By Dakota R. Lawson
Friday, January 13, 2012

Rated "G" by the Author.


“She has cancer.”

“HAHA, serves her right. I knew her actions were going to turn around and bite her in the butt.”
That’s what I said when I found out. I feel stupid now. I should have been shocked; I should have been mad; I should have called her or something.

But I didn’t. And now, when I finally realize that she might not be here forever, that all she wants is to be a normal kid again, she’s gone.

Looking back on that day, I just want to kill myself for saying that. After hearing what she told her family about school when she was in the hospital, in so much pain, it makes me feel pathetic, unloving, stupid. She loved us. She wanted to spend every waking moment with us. She was so excited to get to go back to school, to see us, to have a normal life.

And now that’s gone. She’s gone.

I’ll never get to talk to her about it, ask her how she felt, just treat her like a normal person. I can’t believe I was so immature.

All she wanted was to be normal, to graduate, see the Northern Lights, and go to parties, prom, and class trips. But now she can’t, because of cancer.

Why does something so terrible happen to the least deserving people? If anybody should have had to go through the pain, hurt, and shock, it should have been me. I should never have thought the things I did about her. She didn’t deserve that at all. All she wanted was to be accepted for who she was. That’s what I stand for, and yet, I ostracized her. I’m a hypocrite. I should be in pain, not her. I should be missing school, not her. I should be losing my hair, not her. I should be stick thin and have no appetite, not her. I should be dead, not her.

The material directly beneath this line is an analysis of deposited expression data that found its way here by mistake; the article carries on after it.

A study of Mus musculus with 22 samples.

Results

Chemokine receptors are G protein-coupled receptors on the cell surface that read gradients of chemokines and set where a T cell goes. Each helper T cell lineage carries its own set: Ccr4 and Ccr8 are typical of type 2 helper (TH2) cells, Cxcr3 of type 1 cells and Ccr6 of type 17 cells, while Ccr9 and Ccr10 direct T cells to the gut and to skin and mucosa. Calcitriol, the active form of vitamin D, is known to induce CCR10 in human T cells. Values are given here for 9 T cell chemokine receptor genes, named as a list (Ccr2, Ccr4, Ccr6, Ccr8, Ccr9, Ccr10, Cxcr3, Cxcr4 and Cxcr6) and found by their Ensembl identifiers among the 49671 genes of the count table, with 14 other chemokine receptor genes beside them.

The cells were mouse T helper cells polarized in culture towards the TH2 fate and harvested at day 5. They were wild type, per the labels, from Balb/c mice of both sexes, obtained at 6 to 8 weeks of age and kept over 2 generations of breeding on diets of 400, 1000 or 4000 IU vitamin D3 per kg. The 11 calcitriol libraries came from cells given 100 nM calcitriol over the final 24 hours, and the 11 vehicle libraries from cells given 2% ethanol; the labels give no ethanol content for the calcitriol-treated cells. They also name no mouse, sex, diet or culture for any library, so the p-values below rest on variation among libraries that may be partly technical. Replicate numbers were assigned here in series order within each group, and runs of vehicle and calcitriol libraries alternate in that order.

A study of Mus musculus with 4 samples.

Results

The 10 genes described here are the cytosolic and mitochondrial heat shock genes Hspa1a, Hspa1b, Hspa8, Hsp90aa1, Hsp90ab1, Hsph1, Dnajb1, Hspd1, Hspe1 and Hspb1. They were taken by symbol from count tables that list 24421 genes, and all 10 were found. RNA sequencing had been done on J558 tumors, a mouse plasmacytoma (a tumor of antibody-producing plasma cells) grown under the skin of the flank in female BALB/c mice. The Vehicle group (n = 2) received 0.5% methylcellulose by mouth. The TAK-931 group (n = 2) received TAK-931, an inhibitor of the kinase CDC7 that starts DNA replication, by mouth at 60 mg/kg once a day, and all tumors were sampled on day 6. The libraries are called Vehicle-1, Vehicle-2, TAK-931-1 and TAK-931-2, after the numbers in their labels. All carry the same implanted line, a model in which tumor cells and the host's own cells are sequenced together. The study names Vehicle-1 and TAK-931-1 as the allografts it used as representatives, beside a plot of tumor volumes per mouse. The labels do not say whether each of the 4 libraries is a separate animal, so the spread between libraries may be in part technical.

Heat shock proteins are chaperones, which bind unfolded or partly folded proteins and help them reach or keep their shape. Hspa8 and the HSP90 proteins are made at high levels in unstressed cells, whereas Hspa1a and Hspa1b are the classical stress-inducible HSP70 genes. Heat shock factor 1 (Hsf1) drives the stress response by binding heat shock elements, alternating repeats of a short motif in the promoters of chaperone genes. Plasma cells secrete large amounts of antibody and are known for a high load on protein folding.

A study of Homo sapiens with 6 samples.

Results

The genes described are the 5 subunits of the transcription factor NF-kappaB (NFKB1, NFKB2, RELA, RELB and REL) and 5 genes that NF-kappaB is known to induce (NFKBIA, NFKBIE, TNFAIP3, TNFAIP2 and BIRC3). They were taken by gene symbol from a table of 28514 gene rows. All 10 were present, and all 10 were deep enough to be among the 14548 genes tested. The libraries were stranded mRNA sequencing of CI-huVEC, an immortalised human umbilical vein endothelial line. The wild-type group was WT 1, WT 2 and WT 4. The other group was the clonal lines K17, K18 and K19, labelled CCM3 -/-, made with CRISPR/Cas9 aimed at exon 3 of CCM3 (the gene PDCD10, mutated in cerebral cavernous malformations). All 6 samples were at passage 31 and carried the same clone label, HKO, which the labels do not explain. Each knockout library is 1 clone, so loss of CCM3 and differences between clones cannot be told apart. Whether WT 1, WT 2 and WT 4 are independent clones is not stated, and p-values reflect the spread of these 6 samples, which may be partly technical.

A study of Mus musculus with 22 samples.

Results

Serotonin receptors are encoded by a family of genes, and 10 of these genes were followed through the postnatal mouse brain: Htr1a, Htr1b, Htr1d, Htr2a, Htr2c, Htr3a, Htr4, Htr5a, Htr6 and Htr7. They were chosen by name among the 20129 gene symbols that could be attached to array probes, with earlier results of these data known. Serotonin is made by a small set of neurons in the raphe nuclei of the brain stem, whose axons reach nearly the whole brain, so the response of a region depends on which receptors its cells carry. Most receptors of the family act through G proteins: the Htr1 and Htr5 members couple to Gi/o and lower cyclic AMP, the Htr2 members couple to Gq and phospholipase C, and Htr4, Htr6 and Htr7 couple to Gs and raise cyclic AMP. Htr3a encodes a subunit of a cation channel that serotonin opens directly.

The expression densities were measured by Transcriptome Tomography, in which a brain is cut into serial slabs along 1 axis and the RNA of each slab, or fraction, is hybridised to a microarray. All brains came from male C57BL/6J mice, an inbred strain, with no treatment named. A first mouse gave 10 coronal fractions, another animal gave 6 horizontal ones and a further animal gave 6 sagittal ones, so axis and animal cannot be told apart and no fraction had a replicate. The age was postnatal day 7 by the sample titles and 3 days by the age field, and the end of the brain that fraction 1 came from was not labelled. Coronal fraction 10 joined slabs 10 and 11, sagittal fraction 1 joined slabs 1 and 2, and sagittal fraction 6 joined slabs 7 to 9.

After she died, I didn’t know what to think. I was asked to help go through pictures of her. As I was looking at the pictures, I couldn’t feel any emotion. I was numb.

When I was given a bracelet with her name on it, I didn’t know what to say. I was numb.

When I watched the slide show that I had made, I didn’t know what I was seeing. I was numb.

At her memorial service that my class had planned, I looked at her dad, saw him crying, and was confused. I didn’t realize my feelings  until after I was told that she wanted us all to graduate and go to college, be successful and happy, that she really, truly loved us, loved me, one of the people that deserved her love the least.

After that, I couldn’t stop thinking about her. At the visitation, I couldn’t even look at her. It wasn’t her in that box. It was too cold, too lifeless, too boring. She was always so full of life, even after she was diagnosed. You could never tell that she was in pain. She was always constantly smiling, cracking jokes, laughing. She didn’t care.

 


...maybe she did care...and she was only sharing the love and care... back with the world. thanks for sharing.